WASHINGTON — President Trump wrote a Twitter post Saturday aimed at state officials state resisting a broad request for data by his voter-fraud commission, including officials from deeply Republican states whose support the controversy-laden White House can ill afford to lose.

“What are they trying to hide?” Trump wrote of officials from states that have questioned the panel’s request. Indiana, home of Vice President Mike Pence, and Mississippi, a state that voted overwhelmingly for Trump last year, are among those states.

Trump’s taunt may have been meant to counter a backlash that could effectively scuttle much of the work of Presidential Advisory Commission on Voter Integrity before it begins. Members of the commission said they planned to compare the state records to databases of undocumented immigrants and legal foreigners to determine if large numbers of unqualified voters are participating in U.S. elections.

Deploying sometimes colorful language, state officials have called the panel’s request for data that includes partial Social Security numbers inappropriate, and said they wouldn’t comply or would provide only information that was already publicly available.

While the data request resonates with long-held Republican claims of illegal voting, the commission – and by extension, the White House – is on what usually sympathetic state officials say is the wrong side of the issue of states’ rights.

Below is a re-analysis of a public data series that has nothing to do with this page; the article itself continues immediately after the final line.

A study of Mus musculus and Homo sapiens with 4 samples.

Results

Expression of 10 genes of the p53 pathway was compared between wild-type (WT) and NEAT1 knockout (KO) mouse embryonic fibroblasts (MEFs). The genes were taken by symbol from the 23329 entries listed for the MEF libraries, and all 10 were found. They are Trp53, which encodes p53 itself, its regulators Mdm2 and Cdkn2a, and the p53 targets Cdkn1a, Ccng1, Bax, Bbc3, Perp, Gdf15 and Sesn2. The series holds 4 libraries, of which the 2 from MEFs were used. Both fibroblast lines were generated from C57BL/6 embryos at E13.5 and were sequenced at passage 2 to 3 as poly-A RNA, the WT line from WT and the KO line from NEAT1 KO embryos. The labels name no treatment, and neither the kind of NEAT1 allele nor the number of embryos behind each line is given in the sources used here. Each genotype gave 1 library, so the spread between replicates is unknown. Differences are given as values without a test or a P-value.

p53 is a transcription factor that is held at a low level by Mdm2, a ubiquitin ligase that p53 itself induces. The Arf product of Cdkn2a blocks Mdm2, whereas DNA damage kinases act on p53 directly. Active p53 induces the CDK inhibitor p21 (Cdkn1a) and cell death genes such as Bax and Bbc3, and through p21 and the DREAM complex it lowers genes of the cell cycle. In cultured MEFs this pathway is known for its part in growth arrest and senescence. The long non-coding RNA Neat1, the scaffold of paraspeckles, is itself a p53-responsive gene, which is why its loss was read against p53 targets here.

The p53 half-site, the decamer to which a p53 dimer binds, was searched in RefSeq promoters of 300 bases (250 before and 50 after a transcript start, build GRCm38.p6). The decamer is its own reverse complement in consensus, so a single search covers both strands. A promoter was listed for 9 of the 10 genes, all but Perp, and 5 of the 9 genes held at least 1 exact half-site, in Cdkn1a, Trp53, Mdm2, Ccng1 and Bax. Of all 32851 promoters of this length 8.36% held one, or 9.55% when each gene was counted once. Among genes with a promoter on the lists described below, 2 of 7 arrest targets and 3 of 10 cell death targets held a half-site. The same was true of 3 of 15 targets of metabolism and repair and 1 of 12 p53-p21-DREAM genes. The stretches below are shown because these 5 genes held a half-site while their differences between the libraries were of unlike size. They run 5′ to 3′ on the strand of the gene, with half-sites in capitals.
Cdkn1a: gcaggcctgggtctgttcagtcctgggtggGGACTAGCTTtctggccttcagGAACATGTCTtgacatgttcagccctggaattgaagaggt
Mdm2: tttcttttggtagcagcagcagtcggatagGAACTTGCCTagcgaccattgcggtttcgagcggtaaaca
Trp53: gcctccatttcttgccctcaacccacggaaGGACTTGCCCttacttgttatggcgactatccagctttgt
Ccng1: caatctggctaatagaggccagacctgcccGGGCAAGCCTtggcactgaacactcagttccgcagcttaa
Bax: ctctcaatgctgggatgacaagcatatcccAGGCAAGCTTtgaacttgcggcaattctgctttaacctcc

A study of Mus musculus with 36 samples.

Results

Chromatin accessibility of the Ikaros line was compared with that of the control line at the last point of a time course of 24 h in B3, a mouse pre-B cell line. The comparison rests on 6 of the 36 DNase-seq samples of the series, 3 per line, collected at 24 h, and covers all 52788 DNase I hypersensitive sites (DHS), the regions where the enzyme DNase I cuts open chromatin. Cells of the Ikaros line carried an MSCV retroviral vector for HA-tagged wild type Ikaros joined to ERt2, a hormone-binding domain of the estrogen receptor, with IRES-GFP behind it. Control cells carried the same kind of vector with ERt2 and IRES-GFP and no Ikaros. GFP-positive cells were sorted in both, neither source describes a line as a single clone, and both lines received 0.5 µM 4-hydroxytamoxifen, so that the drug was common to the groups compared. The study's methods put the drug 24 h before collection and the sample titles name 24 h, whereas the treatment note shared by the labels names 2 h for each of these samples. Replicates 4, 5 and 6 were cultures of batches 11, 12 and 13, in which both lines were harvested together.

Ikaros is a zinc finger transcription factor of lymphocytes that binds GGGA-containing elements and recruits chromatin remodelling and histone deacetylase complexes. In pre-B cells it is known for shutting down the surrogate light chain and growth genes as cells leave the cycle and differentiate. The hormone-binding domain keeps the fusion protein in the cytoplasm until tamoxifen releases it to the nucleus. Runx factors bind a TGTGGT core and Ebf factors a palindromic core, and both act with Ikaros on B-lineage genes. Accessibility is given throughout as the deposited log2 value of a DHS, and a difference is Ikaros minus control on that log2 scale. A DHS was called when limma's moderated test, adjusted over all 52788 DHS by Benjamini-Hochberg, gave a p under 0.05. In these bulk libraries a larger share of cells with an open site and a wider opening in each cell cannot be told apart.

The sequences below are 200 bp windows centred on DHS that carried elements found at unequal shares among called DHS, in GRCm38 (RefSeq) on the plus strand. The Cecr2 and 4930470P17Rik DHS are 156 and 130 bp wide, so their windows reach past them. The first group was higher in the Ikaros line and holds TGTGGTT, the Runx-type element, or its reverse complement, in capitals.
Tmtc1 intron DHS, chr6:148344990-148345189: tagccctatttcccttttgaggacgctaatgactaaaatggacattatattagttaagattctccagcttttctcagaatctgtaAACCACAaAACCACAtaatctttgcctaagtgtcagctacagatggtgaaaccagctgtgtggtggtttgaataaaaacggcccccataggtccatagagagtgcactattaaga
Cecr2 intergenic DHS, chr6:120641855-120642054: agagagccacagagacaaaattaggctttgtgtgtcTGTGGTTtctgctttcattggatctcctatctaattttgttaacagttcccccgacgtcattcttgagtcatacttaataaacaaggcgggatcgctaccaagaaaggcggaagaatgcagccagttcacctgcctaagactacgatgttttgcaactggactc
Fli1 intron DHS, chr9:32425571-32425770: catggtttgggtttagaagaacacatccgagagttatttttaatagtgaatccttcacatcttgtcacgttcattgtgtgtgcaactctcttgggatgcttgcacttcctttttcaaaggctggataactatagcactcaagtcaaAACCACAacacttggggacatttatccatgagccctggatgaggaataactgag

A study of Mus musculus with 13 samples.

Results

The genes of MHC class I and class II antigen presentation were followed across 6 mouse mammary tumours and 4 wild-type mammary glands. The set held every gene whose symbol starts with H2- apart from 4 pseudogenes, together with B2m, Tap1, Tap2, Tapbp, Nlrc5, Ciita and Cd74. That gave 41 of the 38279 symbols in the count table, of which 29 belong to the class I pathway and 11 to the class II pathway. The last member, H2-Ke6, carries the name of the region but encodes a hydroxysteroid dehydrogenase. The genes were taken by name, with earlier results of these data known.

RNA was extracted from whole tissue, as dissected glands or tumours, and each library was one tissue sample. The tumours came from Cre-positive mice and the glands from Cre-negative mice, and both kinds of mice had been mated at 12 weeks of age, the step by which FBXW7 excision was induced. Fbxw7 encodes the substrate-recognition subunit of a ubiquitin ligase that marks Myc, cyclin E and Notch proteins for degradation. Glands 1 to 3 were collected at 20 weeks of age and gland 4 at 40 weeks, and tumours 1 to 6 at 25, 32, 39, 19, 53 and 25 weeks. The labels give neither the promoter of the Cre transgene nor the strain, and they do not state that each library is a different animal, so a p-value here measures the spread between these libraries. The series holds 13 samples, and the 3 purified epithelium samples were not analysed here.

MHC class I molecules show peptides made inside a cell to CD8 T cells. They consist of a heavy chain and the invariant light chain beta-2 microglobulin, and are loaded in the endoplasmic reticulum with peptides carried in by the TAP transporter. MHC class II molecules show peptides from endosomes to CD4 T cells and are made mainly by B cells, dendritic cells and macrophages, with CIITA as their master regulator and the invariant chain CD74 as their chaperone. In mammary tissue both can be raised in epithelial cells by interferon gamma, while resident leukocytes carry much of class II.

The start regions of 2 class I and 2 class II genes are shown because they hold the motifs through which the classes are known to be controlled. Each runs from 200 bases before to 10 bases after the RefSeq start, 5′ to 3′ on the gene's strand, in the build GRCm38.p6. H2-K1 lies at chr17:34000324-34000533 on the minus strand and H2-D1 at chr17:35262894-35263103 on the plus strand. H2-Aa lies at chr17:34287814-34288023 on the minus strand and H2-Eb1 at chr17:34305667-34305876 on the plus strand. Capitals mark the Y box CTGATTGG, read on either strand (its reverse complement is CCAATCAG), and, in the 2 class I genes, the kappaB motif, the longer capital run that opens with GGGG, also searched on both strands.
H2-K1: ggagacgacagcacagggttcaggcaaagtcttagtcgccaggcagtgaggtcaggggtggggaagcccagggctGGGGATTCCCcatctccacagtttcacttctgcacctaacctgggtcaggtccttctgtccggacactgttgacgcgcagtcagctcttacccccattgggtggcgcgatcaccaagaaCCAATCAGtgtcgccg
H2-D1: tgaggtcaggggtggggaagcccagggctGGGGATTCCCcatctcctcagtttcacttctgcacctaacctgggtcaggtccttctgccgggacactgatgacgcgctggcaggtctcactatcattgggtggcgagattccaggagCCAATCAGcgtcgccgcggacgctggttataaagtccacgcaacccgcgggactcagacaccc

The timing could hardly be worse. Saturday’s Twitter post capped a week during which Trump twice picked fights that alienated badly needed Republican allies. He supported ads against Sen. Dean Heller, the Nevada Republican who refused to support the Senate’s health care bill, and then used unusually course language to berate MSNBC host Mika Brzezinski. Those comments were condemned by a range of prominent Republicans, including two female senators whose support is crucial to passing the Senate’s bill to repeal and replace the Affordable Care Act.

On Friday, White House spokeswoman Sarah Huckabee Sanders said the refusal by state officials to comply was “mostly a political stunt” and that the commission is asking for publicly available data.

But many secretaries of state appeared to view the request differently.

North Carolina officials said in a statement that they’ll comply only with requests for public information and won’t turn over partial Social Security numbers, driver’s license numbers or dates of birth, which are confidential under certain state or federal laws.

In Oklahoma, which Trump won in November by 36 percentage points over Democrat Hillary Clinton, election officials plan to hand over publicly available voter rolls but won’t comply with requests for partial Social Security numbers.

Several other states announced that the president’s panel will get more limited data and would also have to pay for it, the way political campaigns do.

Virginia Gov. Terry McAuliffe, a Democrat, said in a statement that he has “no intention of honoring this request,” and questioned the panel’s motives. The commission “at worse is a tool to commit large-scale voter suppression,” McAuliffe said.

Sen. Dianne Feinstein of California, the top Democrat on the Senate Judiciary Committee, said in a statement that she was “alarmed” at the request by the “so-called voter-fraud commission” for personal data and voting history “with absolutely no legal basis for doing so.”